Legislative Council: Tuesday, November 01, 2022


LIV Golf Tournament

The Hon. T.A. FRANKS (14:52): I seek leave to make a brief explanation before addressing a question on the topic of sportswashing and the LIV Golf tournament to the Minister for Primary Industries and Regional Development, representing the Minister for Recreation, Sport and Racing.

Leave granted.

The Hon. T.A. FRANKS: LIV Golf has been dubbed by themselves as, 'golf as you have never seen it' but, by critics, as golf that sportswashes the human rights abuses they don't want you to see—or raise. The LIV Golf series is a large-scale effort to sportswash Saudi Arabia's human rights record and improve its global image.

The Public Investment Fund of Saudi Arabia is the majority shareholder of this controversial new tour. Saudi Crown Prince Muhammad Bin Salman is chairman of the Public Investment Fund. The Crown Prince now wants to realise his 'Vision 2030' plan of making the country more modern and less dependent on oil money.

Investments in sport play a key role in this plan, but human rights organisations have accused those in power in Saudi Arabia of sportswashing; that is, trying to use top level sporting events to distract from their human rights violations. The Crown Prince Bin Salman himself, for example, is suspected of being behind the murder of journalist Jamal Khashoggi.

Jamal Khashoggi was the US-based journalist and critic of Saudi Arabia's government who was murdered in 2018 after entering the Saudi consulate in Istanbul, where his body was then dismembered. Concerningly, when asked about Khashoggi, LIV boss Greg Norman said, 'Look, we've all made mistakes and you just want to learn by those mistakes and how you can correct them going forward.'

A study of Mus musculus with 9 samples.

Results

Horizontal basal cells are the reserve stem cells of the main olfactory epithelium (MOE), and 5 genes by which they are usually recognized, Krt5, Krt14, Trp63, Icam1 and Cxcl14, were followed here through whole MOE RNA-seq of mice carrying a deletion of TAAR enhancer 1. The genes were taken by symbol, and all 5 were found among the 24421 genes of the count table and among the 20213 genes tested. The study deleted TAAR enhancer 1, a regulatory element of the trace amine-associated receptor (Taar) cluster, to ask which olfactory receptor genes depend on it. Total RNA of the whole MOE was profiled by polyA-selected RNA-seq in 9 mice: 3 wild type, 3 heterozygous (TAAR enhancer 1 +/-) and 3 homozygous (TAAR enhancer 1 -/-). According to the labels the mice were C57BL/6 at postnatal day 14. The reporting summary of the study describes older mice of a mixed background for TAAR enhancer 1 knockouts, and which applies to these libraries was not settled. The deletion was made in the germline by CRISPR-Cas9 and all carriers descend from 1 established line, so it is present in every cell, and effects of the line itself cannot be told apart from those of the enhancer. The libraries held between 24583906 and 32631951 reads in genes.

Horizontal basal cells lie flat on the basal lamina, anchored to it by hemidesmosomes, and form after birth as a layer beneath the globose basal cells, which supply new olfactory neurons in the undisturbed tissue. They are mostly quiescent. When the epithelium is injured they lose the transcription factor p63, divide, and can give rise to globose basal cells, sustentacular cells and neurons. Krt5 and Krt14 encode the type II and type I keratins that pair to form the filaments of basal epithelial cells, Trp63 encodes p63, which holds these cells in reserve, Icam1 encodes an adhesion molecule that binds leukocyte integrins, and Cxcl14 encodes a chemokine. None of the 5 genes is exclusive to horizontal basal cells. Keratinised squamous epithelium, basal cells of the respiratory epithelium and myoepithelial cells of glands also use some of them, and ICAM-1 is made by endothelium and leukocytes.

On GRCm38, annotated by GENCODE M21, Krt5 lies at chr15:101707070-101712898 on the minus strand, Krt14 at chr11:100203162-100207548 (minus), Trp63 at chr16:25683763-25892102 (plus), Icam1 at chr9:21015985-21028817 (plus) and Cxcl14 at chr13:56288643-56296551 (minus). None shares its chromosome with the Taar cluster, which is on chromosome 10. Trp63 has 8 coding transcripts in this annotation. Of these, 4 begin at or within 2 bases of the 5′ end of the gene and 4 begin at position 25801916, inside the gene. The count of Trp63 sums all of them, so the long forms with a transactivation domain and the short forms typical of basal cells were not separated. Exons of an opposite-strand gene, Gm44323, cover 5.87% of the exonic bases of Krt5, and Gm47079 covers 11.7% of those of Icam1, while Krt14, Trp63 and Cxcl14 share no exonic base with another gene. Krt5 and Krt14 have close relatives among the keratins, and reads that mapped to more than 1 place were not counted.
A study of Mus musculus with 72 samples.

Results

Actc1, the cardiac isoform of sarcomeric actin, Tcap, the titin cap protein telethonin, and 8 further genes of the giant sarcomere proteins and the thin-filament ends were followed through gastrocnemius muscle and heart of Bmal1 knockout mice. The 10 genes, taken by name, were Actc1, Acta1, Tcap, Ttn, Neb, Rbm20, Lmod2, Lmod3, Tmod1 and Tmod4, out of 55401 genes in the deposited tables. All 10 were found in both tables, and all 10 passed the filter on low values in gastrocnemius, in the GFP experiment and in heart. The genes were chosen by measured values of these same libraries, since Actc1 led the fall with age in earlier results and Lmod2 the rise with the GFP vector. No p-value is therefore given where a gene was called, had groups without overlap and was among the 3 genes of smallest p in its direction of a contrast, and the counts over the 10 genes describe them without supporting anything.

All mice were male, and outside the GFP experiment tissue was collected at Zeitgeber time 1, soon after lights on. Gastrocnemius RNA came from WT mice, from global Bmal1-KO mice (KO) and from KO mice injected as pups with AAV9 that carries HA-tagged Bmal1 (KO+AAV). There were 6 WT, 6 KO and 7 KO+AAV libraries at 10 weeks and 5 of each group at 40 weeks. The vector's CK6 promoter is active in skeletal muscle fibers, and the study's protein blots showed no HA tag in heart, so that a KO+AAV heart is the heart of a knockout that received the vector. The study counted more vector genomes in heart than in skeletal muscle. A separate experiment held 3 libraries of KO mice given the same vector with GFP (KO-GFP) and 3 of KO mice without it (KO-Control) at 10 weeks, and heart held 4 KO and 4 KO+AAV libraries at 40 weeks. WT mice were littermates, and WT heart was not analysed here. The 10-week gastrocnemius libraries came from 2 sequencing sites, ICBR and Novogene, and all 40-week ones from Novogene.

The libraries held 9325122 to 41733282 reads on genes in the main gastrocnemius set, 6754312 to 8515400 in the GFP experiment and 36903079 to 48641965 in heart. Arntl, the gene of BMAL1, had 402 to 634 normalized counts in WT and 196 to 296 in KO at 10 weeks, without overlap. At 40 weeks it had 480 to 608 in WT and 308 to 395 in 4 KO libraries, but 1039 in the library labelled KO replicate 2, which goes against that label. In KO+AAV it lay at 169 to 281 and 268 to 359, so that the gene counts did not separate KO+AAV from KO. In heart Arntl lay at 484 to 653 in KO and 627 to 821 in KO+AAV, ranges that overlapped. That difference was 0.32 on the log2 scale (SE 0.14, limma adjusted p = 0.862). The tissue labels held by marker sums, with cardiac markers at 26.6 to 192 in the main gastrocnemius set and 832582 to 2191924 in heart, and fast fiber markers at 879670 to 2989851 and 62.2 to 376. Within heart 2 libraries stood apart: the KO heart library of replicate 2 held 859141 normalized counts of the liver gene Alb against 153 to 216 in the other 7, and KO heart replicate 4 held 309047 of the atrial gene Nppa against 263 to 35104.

Further, the Public Investment Fund invested $2 billion into Russian assets before the Kremlin's invasion of Ukraine, according to a report from the Wall Street Journal. Further, Saudi Arabia is on the list of countries importing cheap Russian oil, despite Western sanctions, and has continued to invest in top Russian energy companies.

As some members of the council may be aware, the Premier has welcomed the LIV Golf International Series potentially coming to Grange in South Australia in 2023, last month informing 7NEWS that he had 'not seen much evidence of the USPGA doing Australian golf and supporters any favours recently', and stating, 'I think it's about time golf had a bit of a shake-up,' and going on to state, 'I wish LIV Golf all the very best.'

Other countries and states have been far less welcoming of this tour, and most recently they were met with a frosty reception in Washington DC. My questions to the minister are:

1. Does the minister recognise that hosting an event that has been accused of being a way for the Saudi Arabian Public Investment Fund to participate in sportswashing to distract from its human rights abuses might not be a good look for the state of South Australia?

2. When the Premier wishes them 'all the best', will those good wishes be matched with any public moneys or promotion and, if so, to what quantum?

3. Given the lengths this government has now recently gone to, as has the parliament, to divest from Russian assets, does it make any sense then for South Australia to be playing such a welcoming host to a tournament funded by a body that continues to fund those very same Russian assets?

The Hon. C.M. SCRIVEN (Minister for Primary Industries and Regional Development, Minister for Forest Industries) (14:56): I thank the honourable member for her questions. I will refer them to my colleague in the other place and bring back a response.